Environmental emergency: actions do more than words.

How students can continue to care about and work towards an environmentally friendly campus.

Melissa Tallman, Columnist

Biodiversity is dying. 

Pollution still takes a toll. 

Our climate is consistently changing for the worse. 

It is a crucial time to care about our environment. 

Nearly half of bird species are experiencing population declines while we lose 2.5% of the global insect population every year, and thousands of fish species are threatened. This is due to drastic habitat loss, pesticide use and water pollution such as pesticides that cause algae blooms that suffocate fish in the water and or low water levels leaving fish with no where to reproduce.

We can address these issues here at Hamline by “Taking the Lead” in pursuing climate neutrality and adopting additional environmentally friendly practices. I think that our practices should include more native biodiversity, stronger compost infrastructure and further investment into sustainability practices on campus. Hamline has gardens that provide food to the Food Resource Center, and that is a good start.

We can better utilize waste through improved waste infrastructure and increased information availability and education. 

Compost can be used for energy, fertilizer and for repairing insect populations. Some cities, such as Ames, Iowa, use waste to fuel their power plants. Is this a good alternative? It is an idea worth discussing. 

Compostable waste is often used as an alternative fertilizer, and it reduces excess nitrogen in the soil that often ends up in our water sources and suffocates the fish. Increasing composting as a practice at Hamline will be easier for students as composting options become more available around campus. 

I have heard on campus that students often discard organic waste into recycling, and this contaminates everything else, so nothing can get recycled. With improved awareness on the impacts of trash in recycling, we can improve our recycling practices, otherwise, we should strive to avoid plastics all together.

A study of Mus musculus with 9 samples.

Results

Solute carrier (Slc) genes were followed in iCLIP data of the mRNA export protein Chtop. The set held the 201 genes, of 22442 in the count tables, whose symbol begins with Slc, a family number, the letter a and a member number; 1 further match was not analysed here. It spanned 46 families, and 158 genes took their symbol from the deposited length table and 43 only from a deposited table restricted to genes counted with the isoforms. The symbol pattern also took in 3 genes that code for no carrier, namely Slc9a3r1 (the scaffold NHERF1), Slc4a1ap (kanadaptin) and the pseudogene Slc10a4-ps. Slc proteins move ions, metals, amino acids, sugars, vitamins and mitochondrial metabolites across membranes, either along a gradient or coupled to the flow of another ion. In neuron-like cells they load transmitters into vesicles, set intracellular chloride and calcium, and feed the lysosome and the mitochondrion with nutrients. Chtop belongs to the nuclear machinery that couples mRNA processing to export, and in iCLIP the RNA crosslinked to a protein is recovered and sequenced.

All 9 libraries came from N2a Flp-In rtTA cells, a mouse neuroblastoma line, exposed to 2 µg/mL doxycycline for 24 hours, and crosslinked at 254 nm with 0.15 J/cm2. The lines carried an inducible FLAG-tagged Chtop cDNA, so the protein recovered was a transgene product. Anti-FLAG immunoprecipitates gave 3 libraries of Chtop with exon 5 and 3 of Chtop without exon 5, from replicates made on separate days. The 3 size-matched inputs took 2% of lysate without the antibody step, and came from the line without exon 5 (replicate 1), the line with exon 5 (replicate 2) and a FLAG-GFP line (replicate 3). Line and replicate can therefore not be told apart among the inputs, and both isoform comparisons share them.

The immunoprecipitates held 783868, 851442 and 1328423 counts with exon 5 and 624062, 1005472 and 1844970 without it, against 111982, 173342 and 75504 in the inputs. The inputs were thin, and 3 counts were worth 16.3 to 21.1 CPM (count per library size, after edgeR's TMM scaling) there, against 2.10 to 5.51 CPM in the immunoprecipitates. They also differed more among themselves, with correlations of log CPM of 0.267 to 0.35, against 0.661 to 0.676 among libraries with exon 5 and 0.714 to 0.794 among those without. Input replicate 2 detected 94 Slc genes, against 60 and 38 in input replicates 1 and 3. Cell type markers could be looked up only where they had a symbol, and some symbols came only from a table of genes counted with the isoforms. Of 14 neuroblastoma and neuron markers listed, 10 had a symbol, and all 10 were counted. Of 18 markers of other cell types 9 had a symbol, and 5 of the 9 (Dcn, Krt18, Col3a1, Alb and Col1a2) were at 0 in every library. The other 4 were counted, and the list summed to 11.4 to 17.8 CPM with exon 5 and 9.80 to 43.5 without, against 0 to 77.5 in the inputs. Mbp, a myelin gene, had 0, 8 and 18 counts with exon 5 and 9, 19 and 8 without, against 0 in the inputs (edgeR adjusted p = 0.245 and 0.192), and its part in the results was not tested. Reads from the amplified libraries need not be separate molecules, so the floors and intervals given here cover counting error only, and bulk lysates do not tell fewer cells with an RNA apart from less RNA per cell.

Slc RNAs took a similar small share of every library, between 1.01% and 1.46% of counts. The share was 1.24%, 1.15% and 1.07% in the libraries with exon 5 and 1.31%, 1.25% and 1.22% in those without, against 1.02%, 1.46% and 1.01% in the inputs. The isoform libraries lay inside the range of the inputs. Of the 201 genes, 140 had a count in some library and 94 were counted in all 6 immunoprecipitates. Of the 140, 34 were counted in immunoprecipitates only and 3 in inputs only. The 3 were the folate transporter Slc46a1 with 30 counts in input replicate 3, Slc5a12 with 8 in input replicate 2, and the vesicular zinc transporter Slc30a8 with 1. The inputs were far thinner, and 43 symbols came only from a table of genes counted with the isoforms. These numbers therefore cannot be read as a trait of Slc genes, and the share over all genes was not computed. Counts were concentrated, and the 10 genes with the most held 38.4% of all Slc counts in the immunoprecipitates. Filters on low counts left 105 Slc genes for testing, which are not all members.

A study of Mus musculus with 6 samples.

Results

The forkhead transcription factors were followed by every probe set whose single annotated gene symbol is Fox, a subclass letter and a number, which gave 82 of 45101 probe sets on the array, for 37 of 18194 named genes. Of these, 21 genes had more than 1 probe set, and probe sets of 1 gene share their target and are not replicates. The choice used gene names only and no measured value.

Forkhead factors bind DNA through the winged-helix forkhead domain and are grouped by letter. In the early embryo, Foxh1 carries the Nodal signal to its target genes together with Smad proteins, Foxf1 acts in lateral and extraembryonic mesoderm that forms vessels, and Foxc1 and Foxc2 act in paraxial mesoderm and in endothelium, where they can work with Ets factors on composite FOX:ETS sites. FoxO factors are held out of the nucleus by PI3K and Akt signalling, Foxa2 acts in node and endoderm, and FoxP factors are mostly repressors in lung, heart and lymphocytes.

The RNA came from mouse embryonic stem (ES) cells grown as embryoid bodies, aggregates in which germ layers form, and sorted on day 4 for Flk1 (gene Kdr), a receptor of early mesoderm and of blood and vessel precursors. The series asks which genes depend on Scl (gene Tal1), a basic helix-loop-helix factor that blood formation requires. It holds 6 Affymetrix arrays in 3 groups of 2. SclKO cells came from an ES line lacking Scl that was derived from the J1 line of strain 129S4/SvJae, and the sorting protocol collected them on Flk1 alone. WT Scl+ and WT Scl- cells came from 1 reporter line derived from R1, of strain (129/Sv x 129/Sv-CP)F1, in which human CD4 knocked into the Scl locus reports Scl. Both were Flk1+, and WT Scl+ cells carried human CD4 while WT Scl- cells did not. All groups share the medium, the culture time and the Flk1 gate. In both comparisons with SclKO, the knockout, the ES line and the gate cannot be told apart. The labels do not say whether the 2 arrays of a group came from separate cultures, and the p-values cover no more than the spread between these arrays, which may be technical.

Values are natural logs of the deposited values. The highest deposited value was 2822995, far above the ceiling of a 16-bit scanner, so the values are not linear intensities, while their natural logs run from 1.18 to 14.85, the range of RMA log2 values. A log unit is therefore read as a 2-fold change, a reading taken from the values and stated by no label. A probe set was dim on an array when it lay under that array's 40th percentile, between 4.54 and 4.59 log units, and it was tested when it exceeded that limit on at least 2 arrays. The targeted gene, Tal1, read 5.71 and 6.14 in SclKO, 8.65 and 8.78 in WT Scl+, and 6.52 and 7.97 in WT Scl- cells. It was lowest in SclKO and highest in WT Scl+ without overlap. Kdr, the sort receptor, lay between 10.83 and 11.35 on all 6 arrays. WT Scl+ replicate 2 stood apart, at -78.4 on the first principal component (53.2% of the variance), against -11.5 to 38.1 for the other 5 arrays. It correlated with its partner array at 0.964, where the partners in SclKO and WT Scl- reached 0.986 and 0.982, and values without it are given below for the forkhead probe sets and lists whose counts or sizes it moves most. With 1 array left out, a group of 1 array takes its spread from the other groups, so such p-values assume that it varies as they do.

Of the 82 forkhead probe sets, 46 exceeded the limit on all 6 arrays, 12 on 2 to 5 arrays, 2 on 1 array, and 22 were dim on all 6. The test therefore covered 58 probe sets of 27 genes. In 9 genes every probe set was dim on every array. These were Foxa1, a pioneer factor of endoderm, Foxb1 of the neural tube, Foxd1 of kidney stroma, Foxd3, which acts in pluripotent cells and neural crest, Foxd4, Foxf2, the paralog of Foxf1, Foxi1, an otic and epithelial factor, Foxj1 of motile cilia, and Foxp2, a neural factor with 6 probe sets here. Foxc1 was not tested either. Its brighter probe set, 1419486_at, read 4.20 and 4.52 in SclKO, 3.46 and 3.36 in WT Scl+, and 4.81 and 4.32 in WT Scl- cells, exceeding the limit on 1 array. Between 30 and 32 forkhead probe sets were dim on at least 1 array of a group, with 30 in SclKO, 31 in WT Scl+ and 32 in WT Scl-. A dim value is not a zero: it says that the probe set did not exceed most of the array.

And through increased native biodiversity and care, we can better understand our world around us. Plants and animals are unique and amazing, but we rarely really know just how much. 

Who knows that possums are North America’s only Marsupials? Is it common knowledge that Minnesota’s native biodiversity includes a carnivorous aquatic plant? We miss out on so much fascinating information when we overlook what evolved to grow here, in Minnesota.

As I currently understand, Hamline runs on a steam-powered plant that does use fossil fuels to heat the water to produce steam, which contributes to our current climate crisis. 

It’s 2022, and the planet is getting hot, time is running out for finding solutions. What can the Hamline administration do to address this? We should try to explore and implement more climate-neutral options. 

Budgeting may be expensive to implement, though pushing toward progress will make Hamline more attractive to climate-minded investors and students with an interest in environmental policy work; there is much to gain in change.

Personally, I look forward to working with members of the Hamline community, HUSC, faculty and the Hamline administration to find solutions.